The Lower House
Hampton National Historic Site
This building, historically referred to as the “Lower House” by the Ridgely family, served a variety of purposes. Originally, Hamptonís first master, Captain Charles Ridgely, lived in this house before the mansion was completed. In the 19th century, the building served primarily as a residence for the farm manager or overseer. Close to both fields and farm slaves, it was “lower” in many respects: the overseer was lower in social standing than the estate owner and his quarters were located geographically lower than the mansion. Activities of the Home Farm were managed from this building. When Hampton became a National Historic Site in 1948, John Ridgely Jr., the last owner of the estate, moved from the mansion back here to the Lower House.
(Inscription under the bell in the upper left)
The bell (ca.1850) atop the Lower House called the enslaved into and out of the field.
(Inscription beside the overseer in the lower left)
On a large estate like Hampton, overseers were often caught between the demands of the masters and the needs of the workers. Hamptonís overseers were a diverse group of men, including some who were relatives. Most stayed on about ten years.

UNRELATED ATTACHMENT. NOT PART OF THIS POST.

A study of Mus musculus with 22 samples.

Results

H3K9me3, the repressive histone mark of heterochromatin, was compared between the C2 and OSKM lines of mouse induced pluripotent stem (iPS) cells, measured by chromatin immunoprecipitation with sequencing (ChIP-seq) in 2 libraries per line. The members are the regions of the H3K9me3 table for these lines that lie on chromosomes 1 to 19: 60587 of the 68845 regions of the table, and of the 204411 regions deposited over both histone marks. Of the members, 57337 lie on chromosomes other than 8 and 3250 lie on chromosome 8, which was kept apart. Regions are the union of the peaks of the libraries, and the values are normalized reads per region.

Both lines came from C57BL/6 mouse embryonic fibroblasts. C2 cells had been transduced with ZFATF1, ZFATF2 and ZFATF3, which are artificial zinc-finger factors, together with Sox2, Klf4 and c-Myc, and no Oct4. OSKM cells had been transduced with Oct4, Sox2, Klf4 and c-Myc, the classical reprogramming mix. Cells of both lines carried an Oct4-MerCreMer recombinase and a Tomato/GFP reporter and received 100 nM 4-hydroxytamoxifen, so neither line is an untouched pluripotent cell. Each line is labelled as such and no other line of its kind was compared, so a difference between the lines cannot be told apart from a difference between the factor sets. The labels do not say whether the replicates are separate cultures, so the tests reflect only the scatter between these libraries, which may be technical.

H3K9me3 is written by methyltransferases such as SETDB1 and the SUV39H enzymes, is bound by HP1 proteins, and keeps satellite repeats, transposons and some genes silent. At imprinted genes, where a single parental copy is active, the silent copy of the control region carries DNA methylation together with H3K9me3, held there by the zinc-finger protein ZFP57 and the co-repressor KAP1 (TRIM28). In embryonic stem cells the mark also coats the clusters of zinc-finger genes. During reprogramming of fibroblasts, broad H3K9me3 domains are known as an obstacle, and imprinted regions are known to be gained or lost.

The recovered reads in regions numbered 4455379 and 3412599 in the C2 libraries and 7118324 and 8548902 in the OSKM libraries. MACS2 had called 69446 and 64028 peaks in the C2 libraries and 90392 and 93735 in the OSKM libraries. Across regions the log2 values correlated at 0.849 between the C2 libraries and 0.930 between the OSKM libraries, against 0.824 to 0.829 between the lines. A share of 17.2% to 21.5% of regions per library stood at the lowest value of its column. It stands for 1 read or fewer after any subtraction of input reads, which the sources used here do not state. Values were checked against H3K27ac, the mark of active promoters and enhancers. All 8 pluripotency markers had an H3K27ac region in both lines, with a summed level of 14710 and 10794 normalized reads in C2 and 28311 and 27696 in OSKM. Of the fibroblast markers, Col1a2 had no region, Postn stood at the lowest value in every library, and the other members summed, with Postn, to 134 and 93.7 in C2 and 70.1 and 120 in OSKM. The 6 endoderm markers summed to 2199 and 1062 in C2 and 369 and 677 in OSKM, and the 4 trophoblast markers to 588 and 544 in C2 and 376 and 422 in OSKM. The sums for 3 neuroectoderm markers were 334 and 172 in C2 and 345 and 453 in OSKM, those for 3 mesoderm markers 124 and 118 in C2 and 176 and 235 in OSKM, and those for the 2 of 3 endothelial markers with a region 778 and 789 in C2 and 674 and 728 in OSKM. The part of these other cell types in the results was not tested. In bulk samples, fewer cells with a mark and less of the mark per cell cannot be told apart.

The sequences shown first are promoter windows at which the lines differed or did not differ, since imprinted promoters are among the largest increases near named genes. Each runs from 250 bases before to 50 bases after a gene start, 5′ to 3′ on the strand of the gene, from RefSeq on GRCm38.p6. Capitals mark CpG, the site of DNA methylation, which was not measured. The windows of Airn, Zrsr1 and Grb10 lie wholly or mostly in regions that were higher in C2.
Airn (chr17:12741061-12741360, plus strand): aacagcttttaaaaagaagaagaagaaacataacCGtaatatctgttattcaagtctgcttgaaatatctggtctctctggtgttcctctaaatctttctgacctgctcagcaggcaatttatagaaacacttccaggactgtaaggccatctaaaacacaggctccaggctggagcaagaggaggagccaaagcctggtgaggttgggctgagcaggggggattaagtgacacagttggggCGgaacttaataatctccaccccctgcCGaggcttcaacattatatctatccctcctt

Location. 39° 25.248′ N, 76° 35.184′ W. Marker is in Towson, Maryland, in Baltimore County. Marker is on Hampton Lane. Touch for map. Marker is at or near this postal address: 535 Hampton Lane, Towson MD 21286, United States of America.
Other nearby markers. At least 8 other markers are within walking distance of this marker. The View from Below (here, next to this marker); Quarters #2 & 3 (within shouting distance of this marker); A Slave Village (within shouting distance of this marker); Corn Culture (within shouting distance of this marker); In Memoriam (about 700 feet away, measured in a direct line); Ice Cream in July-Icehouse, ca.1790 (approx. 0.3 miles away); Hampton: An American Story (approx. 0.3 miles away); Ridgely's Pride (approx. 0.3 miles away). Touch for a list and map of all markers in Towson.
Categories. • African Americans • Civil Rights • Patriots & Patriotism •
Credits. This page was last revised on June 16, 2016. This page originally submitted on November 5, 2014, by Don Morfe of Baltimore, Maryland. This page has been viewed 360 times since then and 42 times this year. Photos: 1, 2. submitted on November 5, 2014, by Don Morfe of Baltimore, Maryland. • Bill Pfingsten was the editor who published this page.